Definitely the 2012 version of Foxfire is much better than the 1996 Version and more faithful to the book. The 1996 version was set in the 90's with mid/upper class girls with intact families who didn't know abuse, poverty, and oppression against females as was so showed in the book. The 1996 version was more about girls who had little connection to each other suddenly deciding to get together and party more so than girls with history together and genuine affection for each other forming a club that became their obsession and their life, a club with a true purpose to help and protect causes, avenge wronged females, more than just cause mayhem. The 2012 did show the heart of the book as it should have, and the relationship between the girls and Maddy and Legs was better shown and fleshed out than the first movie. 2012 movie showed the girls in the proper 50's era, that they were all poor, neglected and abused and that they were oppressed for being female. The majority of the important plotting of the book was in the newer movie, as well as direct quotes from the book and dialog, and all this made this a much better and more faithful film.
The casting was also pretty accurate; Maddy, Rita, Lana, Goldie, Marianne, and V.V. were more or less accurately chosen in their portrayals and in the physical looks of the girls, and the acting was adequate. Violet in my opinion was ill chosen and portrayed. Violet in the book was a stupid, very helpless and desperate girl who was dramatic and constantly getting herself into trouble. Violet in the movie is pretty and well put together, controlled and quiet, and she certainly didn't have the emotional outbursts and dramatics of the Violet in the book. But most damaging of all to the movie, in my opinion, is the casting and portrayal of Legs.
To me, teen Angelina Jolie is the one thing about the 1996 film that completely trumped the 2012 version. In that movie, she was androgynous and clearly impulsive, passionate and intimidating, capable of softness and emotional showings all at once, as Legs should be. Angelina's acting and portrayal were not "perfect" to the book but her physical description was good and her persona was as well. I could understand, watching Angelina, why the girls would find her charismatic and intriguing and want to follow her and idolize her.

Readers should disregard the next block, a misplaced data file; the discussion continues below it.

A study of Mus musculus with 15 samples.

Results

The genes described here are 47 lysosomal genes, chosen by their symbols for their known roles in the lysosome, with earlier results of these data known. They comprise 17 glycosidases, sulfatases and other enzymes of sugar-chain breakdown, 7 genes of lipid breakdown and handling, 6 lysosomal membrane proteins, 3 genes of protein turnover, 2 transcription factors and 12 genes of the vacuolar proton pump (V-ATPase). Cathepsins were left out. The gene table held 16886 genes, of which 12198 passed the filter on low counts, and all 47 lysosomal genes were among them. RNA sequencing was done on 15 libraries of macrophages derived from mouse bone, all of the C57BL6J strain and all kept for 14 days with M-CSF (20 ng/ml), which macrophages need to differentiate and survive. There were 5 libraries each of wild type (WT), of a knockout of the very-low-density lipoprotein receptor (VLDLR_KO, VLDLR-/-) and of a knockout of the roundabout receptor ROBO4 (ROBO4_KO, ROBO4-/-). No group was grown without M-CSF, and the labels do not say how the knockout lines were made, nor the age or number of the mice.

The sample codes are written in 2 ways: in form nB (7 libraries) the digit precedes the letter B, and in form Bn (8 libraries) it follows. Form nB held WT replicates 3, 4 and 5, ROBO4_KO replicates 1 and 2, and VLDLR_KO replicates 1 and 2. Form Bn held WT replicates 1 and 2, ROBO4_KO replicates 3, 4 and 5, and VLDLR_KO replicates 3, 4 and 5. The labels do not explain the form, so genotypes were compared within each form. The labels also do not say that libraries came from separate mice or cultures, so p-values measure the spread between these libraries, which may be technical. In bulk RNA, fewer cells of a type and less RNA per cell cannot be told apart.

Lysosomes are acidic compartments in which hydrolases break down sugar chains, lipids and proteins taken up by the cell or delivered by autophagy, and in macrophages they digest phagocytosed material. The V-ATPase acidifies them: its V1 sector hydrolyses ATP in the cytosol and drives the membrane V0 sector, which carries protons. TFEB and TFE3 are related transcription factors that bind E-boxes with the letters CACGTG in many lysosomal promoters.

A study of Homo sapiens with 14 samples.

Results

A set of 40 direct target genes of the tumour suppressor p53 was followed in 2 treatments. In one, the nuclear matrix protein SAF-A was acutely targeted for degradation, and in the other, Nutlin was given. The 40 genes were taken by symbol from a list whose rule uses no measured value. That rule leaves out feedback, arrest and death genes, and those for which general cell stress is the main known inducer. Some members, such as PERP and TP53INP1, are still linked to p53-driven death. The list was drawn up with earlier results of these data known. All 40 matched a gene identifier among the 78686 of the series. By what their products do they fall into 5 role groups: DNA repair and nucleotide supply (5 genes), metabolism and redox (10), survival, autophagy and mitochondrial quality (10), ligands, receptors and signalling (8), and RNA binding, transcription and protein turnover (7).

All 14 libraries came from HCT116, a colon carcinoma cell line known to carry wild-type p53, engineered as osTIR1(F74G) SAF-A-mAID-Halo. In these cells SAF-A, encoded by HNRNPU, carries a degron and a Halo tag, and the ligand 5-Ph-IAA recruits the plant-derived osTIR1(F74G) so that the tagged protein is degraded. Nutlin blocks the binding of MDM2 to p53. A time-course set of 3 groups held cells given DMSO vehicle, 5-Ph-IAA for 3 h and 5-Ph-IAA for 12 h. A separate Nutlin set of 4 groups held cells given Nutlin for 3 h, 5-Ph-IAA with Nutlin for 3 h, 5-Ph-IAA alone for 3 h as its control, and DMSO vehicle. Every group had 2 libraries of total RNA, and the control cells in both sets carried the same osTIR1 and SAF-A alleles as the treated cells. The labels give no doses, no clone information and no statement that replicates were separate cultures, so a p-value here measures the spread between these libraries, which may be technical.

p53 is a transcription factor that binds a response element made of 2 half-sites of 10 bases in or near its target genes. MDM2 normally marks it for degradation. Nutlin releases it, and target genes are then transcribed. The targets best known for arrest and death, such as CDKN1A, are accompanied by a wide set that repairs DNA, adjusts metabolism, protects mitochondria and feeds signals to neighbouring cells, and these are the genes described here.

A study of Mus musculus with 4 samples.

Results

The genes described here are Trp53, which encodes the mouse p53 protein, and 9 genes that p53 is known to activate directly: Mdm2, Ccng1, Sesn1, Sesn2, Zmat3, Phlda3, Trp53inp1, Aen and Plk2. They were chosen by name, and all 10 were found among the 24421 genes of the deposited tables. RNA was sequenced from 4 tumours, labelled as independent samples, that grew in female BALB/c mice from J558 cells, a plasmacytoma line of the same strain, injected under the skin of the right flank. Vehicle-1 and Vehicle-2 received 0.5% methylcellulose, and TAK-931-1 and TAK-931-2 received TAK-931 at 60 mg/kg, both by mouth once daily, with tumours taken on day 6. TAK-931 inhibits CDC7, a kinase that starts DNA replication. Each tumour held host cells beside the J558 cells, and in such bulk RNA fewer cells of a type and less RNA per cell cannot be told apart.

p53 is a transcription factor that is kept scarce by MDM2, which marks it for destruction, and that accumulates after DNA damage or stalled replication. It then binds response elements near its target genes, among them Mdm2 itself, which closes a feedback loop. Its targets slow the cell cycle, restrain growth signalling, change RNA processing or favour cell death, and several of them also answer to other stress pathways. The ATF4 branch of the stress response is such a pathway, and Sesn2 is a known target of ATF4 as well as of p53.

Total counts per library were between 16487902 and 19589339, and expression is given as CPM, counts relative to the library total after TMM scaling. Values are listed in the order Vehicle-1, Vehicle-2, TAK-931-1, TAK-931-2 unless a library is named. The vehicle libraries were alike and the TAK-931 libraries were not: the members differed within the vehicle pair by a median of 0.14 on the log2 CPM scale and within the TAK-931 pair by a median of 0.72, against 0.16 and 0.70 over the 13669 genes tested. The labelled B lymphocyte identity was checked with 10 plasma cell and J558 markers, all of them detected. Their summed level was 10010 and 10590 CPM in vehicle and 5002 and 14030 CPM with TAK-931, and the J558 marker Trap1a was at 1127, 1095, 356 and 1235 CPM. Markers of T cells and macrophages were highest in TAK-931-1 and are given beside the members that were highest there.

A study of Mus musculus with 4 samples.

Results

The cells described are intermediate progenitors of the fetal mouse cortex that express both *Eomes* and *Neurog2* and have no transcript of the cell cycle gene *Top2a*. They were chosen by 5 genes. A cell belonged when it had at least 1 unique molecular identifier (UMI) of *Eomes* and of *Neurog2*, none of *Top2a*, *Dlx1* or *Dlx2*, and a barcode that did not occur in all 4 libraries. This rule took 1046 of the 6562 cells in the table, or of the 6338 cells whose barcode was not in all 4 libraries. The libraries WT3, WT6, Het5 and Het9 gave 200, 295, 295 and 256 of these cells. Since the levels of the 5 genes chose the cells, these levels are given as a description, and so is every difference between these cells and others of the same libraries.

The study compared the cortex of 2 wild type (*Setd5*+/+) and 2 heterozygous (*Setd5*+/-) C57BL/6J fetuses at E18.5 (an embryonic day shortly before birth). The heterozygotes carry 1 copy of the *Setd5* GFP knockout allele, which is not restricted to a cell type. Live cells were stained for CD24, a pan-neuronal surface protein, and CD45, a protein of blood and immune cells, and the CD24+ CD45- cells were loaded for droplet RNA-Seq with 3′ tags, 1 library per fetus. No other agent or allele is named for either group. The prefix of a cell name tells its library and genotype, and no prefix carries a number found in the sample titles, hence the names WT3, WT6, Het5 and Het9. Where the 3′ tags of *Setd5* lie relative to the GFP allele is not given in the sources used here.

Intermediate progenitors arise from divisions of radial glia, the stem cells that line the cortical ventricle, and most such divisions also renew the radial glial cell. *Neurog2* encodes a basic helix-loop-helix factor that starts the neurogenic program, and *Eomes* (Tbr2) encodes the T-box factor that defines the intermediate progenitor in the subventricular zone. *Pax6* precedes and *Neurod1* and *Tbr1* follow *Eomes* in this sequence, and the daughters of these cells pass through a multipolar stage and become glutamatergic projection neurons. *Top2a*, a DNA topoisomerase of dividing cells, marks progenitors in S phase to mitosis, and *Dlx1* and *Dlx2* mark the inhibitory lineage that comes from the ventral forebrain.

This was not the case with the girl who played Legs in the 2012 version, Raven Adamson. For one thing, the look was all wrong. Though I appreciated that she was not wearing makeup, as she very well shouldn't have been, she was a small, delicate-looking, very pretty and feminine looking girl with no remarkable features. Legs was in the book described basically as a wild-haired, bonier teenage Angelina Jolie, as beautiful and bold-featured but androgynous, always dressing in men's clothing and so uncomfortable with her femininity that she actually bound her breasts. 2012 Legs was a pretty little girl who looked no remarkably different than the other Foxfire girls. I couldn't see how anyone could find her to be physically imposing.
More than this, her portrayal was just wrong. She was high- voiced and matter of fact most of the time, showing little exuberance of Legs or charismatic posture or gestures or even facial expressions. She wasn't very emotional even when she was supposedly emotional, and she didn't come across to me as someone so remarkable that others would clearly see her as their leader. It was as though they put Legs's words in her mouth and told her to do the things Legs did, but she wasn't becoming Legs at all.
Some important aspects to Legs were left out as well. There was no mention of her love of heights, just a couple of times where she sat on a roof with Maddy, and she didn't win a contest for pole climbing or get shown to be respected and intimidating of the boys their age. Legs's father was not shown to be physically abusive, and there was no scene where she accused him of murdering her mother. Her mother is in fact never mentioned. Legs's baby sister was never born, and Legs's love and concern for her sister was a large part of what drove her to want to kidnap Kellogg in the first place- to be able to get enough money to provide for her and the rest of Foxfire. We never saw her inside the prison at all, so we have no idea of what really happened to her in there other than the two sentences she told Maddy about it later which did not in any way capture the horror of her experiences as the book did and how vulnerable and helpless she felt inside there. The prison major changed Legs's character in the book so that she came out shocked and yet harder afterward, and there was little show of this in the movie except that she talked to Maddy on the roof about her surprise that women could be the enemy too. Legs seemed to be the same person the whole way through the 2012 movie, and this is over the course of several years.
I feel that the lack of understanding of either the actress or the director of who Legs was as a character hurt the movie in comparison to the book. It's not a bad movie, but if you read and loved the book as I do, Raven Adamson and her portrayal of Legs simply can't live up to the Legs of the book.